Shelley Malil



OK
Movie fans of a certain age -- about 30 to 45 -- have fond memories of a few 1980s HBO mainstays that seemed tailor made for TV. Eddie and the Cruisers, Just One of the Guys, Super Fuzz... charming, silly nuggets that aired endlessly, perfect for our hanging-in-the-basement brains. Whether they were overly earnest or just dumb, they seemed out of place on the big screen. Jessica Yu's Ping Pong Playa feels like it could easily take its place within that pantheon. It could be a big, watchable cable TV star, especially if you're 12 years old.

Independent Film Festival of Boston organizers said this was probably the most family-friendly selection in their six-year history, and they're right. It's a culturally aware comedy that's always light instead of challenging, aiming most laughs at the pre-teen set. To put it bluntly, Ping Pong Playa is as goofy as its title.



Unbearable
Maybe placing the word "comedy" in the title is just another failed attempt at humor by Albert Brooks? Because the writer/director's pseudo-controversial Looking for Comedy in the Muslim World is the least funny picture he's ever conceived. Brooks should have found room for the word "duck," because this putrid bomb lays egg after egg after egg.

We begin with Brooks (playing himself) auditioning for a Penny Marshall-directed remake of Harvey. He doesn't get the part, largely because he's "not the next Jimmy Stewart," but he does follow Stewart's lead by heading off to Washington at the request of our government. He's asked to travel to India and Pakistan on a goodwill mission to discover what makes Muslims laugh. Might I suggest he start by looking any place his film isn't screening?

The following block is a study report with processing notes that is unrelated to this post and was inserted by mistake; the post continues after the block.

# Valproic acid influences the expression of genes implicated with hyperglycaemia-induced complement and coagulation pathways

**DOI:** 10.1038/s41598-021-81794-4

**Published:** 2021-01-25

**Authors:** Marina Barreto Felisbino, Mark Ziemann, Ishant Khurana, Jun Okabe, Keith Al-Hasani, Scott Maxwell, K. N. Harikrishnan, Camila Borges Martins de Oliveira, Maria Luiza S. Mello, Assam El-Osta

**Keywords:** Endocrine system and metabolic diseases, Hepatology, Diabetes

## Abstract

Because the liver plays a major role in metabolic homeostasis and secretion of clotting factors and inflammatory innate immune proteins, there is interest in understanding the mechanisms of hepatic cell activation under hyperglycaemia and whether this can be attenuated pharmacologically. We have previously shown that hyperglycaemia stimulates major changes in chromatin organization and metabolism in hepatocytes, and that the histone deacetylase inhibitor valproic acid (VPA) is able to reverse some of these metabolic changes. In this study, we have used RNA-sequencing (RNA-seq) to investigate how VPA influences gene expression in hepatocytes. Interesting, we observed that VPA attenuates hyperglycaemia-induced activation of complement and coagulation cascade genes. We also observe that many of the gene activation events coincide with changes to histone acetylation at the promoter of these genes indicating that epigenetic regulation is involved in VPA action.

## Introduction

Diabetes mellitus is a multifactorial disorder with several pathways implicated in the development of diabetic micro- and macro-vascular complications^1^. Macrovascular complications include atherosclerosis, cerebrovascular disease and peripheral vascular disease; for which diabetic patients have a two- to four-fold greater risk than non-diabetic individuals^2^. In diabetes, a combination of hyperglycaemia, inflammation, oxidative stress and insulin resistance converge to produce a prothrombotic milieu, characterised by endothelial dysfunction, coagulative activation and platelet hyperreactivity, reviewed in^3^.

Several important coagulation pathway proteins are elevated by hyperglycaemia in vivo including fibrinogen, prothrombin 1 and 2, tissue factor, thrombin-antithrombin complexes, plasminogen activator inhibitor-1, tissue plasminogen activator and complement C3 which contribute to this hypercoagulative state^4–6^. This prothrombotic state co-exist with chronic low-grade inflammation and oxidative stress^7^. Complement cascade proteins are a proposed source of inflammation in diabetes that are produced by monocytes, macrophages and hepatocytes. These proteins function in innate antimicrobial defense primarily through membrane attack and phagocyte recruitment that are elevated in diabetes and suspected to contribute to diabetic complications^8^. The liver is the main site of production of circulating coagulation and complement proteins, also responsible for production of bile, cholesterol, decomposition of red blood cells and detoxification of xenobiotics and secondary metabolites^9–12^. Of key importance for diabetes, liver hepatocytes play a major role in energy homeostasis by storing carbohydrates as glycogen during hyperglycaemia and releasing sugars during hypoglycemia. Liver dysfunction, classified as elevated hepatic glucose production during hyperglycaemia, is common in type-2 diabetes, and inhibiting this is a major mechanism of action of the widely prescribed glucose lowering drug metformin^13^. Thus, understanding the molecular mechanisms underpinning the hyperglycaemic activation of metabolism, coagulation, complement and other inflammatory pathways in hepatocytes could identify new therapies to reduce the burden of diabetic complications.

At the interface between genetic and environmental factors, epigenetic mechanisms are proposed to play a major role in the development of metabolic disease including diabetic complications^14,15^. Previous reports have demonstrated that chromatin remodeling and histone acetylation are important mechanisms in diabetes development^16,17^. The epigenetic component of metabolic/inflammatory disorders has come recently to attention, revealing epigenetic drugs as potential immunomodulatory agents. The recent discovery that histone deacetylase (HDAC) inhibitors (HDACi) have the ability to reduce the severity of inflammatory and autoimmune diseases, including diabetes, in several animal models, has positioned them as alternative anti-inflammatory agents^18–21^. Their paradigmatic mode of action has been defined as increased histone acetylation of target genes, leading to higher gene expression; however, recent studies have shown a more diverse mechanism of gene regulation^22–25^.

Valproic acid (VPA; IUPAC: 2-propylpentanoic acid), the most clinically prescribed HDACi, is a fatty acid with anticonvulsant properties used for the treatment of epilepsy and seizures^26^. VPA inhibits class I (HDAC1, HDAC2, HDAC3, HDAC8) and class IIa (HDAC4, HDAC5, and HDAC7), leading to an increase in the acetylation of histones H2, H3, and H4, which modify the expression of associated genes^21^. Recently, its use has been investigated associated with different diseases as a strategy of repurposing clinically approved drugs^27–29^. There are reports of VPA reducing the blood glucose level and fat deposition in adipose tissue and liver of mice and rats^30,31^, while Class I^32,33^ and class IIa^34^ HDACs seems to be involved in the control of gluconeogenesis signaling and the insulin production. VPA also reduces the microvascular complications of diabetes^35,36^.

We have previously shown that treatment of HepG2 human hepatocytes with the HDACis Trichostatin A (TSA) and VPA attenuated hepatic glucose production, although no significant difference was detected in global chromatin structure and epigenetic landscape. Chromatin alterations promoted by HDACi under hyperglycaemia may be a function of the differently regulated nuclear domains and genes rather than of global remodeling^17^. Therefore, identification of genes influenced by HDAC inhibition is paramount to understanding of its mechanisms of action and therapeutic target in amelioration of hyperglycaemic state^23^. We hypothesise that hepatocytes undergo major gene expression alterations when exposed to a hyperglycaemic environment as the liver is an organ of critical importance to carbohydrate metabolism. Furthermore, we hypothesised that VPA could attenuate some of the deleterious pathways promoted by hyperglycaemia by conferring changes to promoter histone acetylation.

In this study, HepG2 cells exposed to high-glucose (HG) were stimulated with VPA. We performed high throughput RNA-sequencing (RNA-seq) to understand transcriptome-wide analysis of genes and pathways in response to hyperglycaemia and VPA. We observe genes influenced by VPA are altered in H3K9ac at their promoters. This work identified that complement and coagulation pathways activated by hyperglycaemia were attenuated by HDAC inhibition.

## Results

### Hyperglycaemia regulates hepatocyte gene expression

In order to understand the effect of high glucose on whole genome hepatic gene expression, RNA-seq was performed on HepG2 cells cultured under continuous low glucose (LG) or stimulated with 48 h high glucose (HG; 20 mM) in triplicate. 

Weak
I had no idea there was a big scandal behind the Chippendale's male revue... who knew the whole thing was born from murder, betrayal, and a poor understanding of estate law?

Such is Dave Payne's story in Just Can't Get Enough, a docudrama that looks like it was made for TV -- as long as you don't consider the near-constant nudity (male and female). Reminiscent of Boogie Nights, the film begins as the story of a do-gooder business student (Jonathan Aube) who wants to work at Chippendale's as a manager, but soon he's dancing on stage, losing his girlfriend, and basically watching his life go down the tubes. By the midpoint, the film has become Rated X, the tepid TV biopic about San Francisco strip club pioneers, the Mitchell brothers.



Weak

In a welcome change from puerile and stinking-rotten Rob Schneider and David Spade movies, "The 40-Year-Old Virgin" is a ribald comedy that is genuinely laugh-out-loud funny, despite being custom-built around a scene-stealing second-banana who really belongs in small roles.

Deadpan "Daily Show" correspondent Steve Carell, who briefly but memorably upstaged Will Ferrell in "Anchorman" and Jim Carrey in "Bruce Almighty," stars as Andy Stitzer, a king-dork electronics store clerk rapidly approaching middle age and so bereft of social skills that he's never managed to get much past first base with a woman. When his co-workers realize this, watching him fumble to fit in while swapping sex stories during an after-hours poker game, they make it their mission to get the poor guy laid.

Co-written by Carell and director Judd Aptow (creator of TV's "Undeclared" and "Freaks and Geeks"), the plot is perfectly pitched to its star's talent for playing hapless, hopeless twits. Put Carell in a polo shirt, a pair of khakis and a K-Mart windbreaker, and he can garner hardy chuckles with little more than a perplexed stare from his deep-set buggy eyes. He dives headlong into this character, earning cheek-hurting laughs with painfully awkward moments (his pals convince him to get his chest waxed) and giving Andy such an authentic geekdom (his apartment is lined with collectable toys in their original packaging) that the movie's plot hardly feels like a gimmick at all.